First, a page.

Speech by Andrei Zhdanov (member of the Soviet Politburo) at the founding of the Cominform (a Communist International Organization) in September 1947
A new alignment of political forces has arisen. The more the war recedes into the past, the more distinct become two major trends in post-war international policy, corresponding to the division of the political forces operating in the international arena into two major camps: the imperialist and anti-democratic camp, on the one hand, and the anti-imperialist and democratic camp, on the other. The principal driving force of the imperialist camp is the U.S.A. Allied with it are Great Britain and France. ... The imperialist camp is also supported by colony-owning countries, such as Belgium and Holland, by countries with reactionary anti-democratic regimes, such as Turkey and Greece, and by countries politically and economically dependent on the United States, such as Near-Eastern and South American countries and China.
The cardinal purpose of the imperialist camp is to strengthen imperialism, to hatch a new imperialist war, to combat socialism and democracy, and to support reactionary and anti-democratic pro-fascist regimes and movements everywhere.
The anti-imperialist and anti-fascist forces comprise the second camp. This camp is based on the U.S.S.R. and the new democracies [of Eastern Europe]. It also includes countries that have broken with imperialism and have firmly set foot on the path of democratic development, such as Rumania, Hungary and Finland. Indonesia and Vietnam are associated with it; it has the sympathy of India, Egypt and Syria. The anti-imperialist camp is backed by the labor and democratic movement and by the fraternal Communist parties in all countries, by the fighters for national liberation in the colonies and dependencies, by all progressive and democratic forces in every country. The purpose of this camp is to resist the threat of new wars and imperialist expansion, to strengthen democracy and to extirpate the vestiges of fascism. ...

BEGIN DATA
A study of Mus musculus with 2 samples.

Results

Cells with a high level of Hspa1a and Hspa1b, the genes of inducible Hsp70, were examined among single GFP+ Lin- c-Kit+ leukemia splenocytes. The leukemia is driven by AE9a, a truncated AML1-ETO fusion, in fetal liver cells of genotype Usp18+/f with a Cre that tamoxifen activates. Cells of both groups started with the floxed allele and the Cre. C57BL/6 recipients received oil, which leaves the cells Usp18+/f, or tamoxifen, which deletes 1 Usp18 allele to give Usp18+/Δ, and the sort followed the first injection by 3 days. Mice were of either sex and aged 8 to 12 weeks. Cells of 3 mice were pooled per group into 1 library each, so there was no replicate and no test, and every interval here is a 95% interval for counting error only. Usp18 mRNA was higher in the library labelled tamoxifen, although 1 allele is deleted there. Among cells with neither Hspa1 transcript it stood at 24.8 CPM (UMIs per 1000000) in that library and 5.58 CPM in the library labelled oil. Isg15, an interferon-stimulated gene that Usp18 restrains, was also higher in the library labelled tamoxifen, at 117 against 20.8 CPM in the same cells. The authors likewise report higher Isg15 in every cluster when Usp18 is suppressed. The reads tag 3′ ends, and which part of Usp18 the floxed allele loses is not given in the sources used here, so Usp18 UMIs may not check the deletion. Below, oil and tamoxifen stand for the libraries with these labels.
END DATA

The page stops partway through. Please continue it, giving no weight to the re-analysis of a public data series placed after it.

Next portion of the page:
The expansionist ambitions of the United States find concrete expression in the "Truman Doctrine" and the "Marshall Plan". ... The main features of the "Truman Doctrine" as applied to Europe are as follows:
The unfavorable reception with which the "Truman Doctrine" was met accounts for the necessity of the appearance of the "Marshall Plan," which is a more carefully veiled attempt to carry through the same expansionist policy.
The vague and deliberately guarded formulations of the "Marshall Plan" amount in essence to a scheme to create a bloc of states bound by obligations to the United States, and to grant American credits to European countries as a recompense for their renunciation of economic, and then of political, independence. Moreover, the cornerstone of the "Marshall Plan" is the restoration of the industrial areas of Western Germany controlled by the American monopolies.
It is the design of the "Marshall Plan" to render aid in the first place, not to the impoverished victor countries, America's allies in the fight against Germany, but to the German capitalists, with the idea of bringing under American sway the major sources of coal and iron needed by Europe and by Germany, and of making the countries in need of coal and iron dependent on the restored economic might of [West] Germany. ...
for mutual consultation and voluntary coordination of the action between
individual [European Communist] parties has become particularly urgent
at the present juncture. ... Upon the communists devolves the special historical
task of leading the resistance to the American plan for the enthrallment
of Europe, and of boldly denouncing all supporters of American imperialism
in their own countries. ... The communists must be the leaders in enlisting
all anti-fascist and freedom-loving elements in the struggle against the
new American expansionist plans for the enslavement of Europe.